Guido Bonsen: London fuels future of para-athletics

Dutch para-athletics coach Guido Bonsen blogs about the London legacy and what lies ahead in regards to Lyon 2013 and Rio 2016. 21 Nov 2012
Guido Bonsen

Guido Bonsen of the Netherlands looks on and cheers as his athletes compete in field events at the London 2012 Olympic Stadium.


Hello, my name is Guido Bonsen, and I am the head coach of the Dutch para-athletics team.

The IPC asked me to blog about what keeps me busy, and of course, about the Dutch para-athletics team.

I am honoured to do so and would love to keep you up to date, and I hope to post a blog at least once every month.

Let’s get back to London now.

Still, every time I talk or think about it, I get goosebumps.

The Games were so well organised, the volunteers were amazing, the weather was great and the crowds were just unbelievable.

On top of that, my team preformed at the top of their abilities. We worked hard for it the past three years, but nevertheless, it was just amazing to see almost everything fall into place those 14 days in London.

Not only the medals from Marlou van Rhijn, Amy Siemons, Kenny van Weeghel, Ronald Hertog and Desiree Vranken but also the amazing performances of Iris Pruysen, Suzan Verduijn and Henk Schuiling.

Besides that. we were a real team, winning and celebrating together but also being supportive to the ones who couldn’t perform to their best.

The impact the performances of the team had when we came back to the Netherlands was without comparison. There were headlines in the papers, a royal decoration for Marlou and hometown celebrations for all athletes.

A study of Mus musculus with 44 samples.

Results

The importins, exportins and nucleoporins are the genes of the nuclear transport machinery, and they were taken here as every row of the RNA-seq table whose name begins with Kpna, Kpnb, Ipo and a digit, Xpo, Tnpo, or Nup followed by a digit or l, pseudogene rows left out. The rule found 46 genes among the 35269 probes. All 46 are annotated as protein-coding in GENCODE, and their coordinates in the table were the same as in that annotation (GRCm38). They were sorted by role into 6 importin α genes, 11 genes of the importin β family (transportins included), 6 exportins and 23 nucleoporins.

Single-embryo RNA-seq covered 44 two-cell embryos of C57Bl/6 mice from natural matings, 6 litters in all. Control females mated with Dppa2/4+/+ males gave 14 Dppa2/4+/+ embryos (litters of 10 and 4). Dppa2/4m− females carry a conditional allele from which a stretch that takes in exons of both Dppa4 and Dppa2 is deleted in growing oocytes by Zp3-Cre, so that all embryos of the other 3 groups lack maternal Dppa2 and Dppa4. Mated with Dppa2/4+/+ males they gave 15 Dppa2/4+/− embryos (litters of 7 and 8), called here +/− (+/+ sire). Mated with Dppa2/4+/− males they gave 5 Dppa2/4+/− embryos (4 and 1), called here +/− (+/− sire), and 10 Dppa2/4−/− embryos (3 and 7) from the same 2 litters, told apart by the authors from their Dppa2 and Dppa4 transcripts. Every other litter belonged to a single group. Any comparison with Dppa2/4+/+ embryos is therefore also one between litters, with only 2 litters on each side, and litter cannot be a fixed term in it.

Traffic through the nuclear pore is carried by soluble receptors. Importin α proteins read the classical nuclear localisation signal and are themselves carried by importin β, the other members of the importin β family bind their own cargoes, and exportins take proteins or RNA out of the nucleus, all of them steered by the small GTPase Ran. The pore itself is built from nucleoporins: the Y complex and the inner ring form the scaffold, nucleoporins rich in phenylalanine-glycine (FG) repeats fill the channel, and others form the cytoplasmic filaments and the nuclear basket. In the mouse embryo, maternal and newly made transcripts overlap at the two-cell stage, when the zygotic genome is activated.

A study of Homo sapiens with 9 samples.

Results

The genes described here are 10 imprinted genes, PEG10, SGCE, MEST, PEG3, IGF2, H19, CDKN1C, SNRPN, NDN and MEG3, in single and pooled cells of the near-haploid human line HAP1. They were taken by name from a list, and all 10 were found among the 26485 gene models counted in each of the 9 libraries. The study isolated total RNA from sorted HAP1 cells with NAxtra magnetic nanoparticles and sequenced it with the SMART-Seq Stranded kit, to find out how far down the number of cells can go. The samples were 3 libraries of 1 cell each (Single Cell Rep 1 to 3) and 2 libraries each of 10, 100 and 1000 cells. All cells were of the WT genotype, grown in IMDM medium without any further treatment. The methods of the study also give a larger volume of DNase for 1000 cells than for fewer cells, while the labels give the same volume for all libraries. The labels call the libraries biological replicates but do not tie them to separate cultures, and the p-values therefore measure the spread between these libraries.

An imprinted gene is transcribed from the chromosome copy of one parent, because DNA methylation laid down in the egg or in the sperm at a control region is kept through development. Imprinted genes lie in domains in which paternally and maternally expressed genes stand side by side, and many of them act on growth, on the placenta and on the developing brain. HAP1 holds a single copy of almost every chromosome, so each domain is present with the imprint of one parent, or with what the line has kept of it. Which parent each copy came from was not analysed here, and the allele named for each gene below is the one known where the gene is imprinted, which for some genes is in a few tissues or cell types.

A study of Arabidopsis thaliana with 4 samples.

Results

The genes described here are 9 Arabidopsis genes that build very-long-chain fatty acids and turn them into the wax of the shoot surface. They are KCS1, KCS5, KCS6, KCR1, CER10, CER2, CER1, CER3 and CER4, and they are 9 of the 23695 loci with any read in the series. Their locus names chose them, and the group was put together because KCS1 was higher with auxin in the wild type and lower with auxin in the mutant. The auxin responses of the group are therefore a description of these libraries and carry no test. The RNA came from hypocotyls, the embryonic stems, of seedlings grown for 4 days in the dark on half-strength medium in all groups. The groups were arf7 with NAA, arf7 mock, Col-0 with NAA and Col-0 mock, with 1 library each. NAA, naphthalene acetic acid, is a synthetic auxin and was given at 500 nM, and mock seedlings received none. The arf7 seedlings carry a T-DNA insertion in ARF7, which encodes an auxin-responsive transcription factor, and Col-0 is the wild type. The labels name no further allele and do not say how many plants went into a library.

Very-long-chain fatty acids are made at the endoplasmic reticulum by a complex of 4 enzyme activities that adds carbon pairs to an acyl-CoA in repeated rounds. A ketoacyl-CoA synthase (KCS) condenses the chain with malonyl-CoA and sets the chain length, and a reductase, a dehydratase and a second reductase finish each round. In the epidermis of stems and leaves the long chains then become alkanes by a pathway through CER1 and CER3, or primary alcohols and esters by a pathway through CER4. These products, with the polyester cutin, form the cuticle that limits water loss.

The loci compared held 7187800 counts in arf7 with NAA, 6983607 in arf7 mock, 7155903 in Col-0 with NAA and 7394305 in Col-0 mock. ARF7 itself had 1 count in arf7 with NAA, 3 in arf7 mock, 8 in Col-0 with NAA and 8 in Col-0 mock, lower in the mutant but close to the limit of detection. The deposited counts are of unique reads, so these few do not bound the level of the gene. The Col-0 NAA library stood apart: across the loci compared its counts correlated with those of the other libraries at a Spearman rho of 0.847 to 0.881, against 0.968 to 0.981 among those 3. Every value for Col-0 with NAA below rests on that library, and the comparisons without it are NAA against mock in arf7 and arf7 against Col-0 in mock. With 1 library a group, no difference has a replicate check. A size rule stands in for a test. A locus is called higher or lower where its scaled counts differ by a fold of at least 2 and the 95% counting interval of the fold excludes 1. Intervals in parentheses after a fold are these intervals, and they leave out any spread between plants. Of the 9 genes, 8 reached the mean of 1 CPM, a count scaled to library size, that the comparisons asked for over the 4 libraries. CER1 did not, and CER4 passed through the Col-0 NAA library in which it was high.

After London, we took a long time off.

Athletes and staff had to rest and some of them had to think about their futures.

We started training again at the end of October. We started without Marije Smits and Suzan Verduijn. Both of them decided it was time to finish medical school.

Marije (T/F42) participated in three Paralympic Games and won a silver medal last year at the World Championships in Christchurch in the long jump. She was and is a real ambassador for para-athletics in the Netherlands. She will be missed at training but I am sure she will be involved with the Paralympic Movement one way or the other.

Suzan (T/F44) participated in her first Paralympics in London. Earlier this year she won the long jump at the European Championships in Stadskanaal. And also this year she was the third female in the history of our sport to pass the magical barrier of jumping 5m.

At an emotional dinner, both girls were appointed ambassadors of the Dutch para-athletics team.

And so now we started training again and are on our way to Lyon 2013, and of course Rio 2016 is at the end of our horizon.

We had a NPC talent day with almost 100 new boys and girls. On 17 November, we followed this with the 26 best talents from that first day.

Will there be a new champion in this group? A new Marlou or Kenny? Prospects for Rio 2016 already?

Time will only tell, but I have seen some real talent already.

London showed Paralympic athletics are very much alive, worldwide and in the Netherlands.

It also showed we have a big legacy to live up to. There’s now a lot to discuss: commercial value, getting more attention at our World and Regional Championships, single class-events versus multi class-events and the discussion about the programme of Rio.

We have a lot of opportunities but also a lot of questions to answer.

I am looking forward to the IPC Athletics Sports Forum (6-7 December in Frankfurt, Germany) where we will discuss these issues with all the coaches, technical directors and other staff who are involved in the Paralympic Movement.

A very important and exciting time lies ahead of us.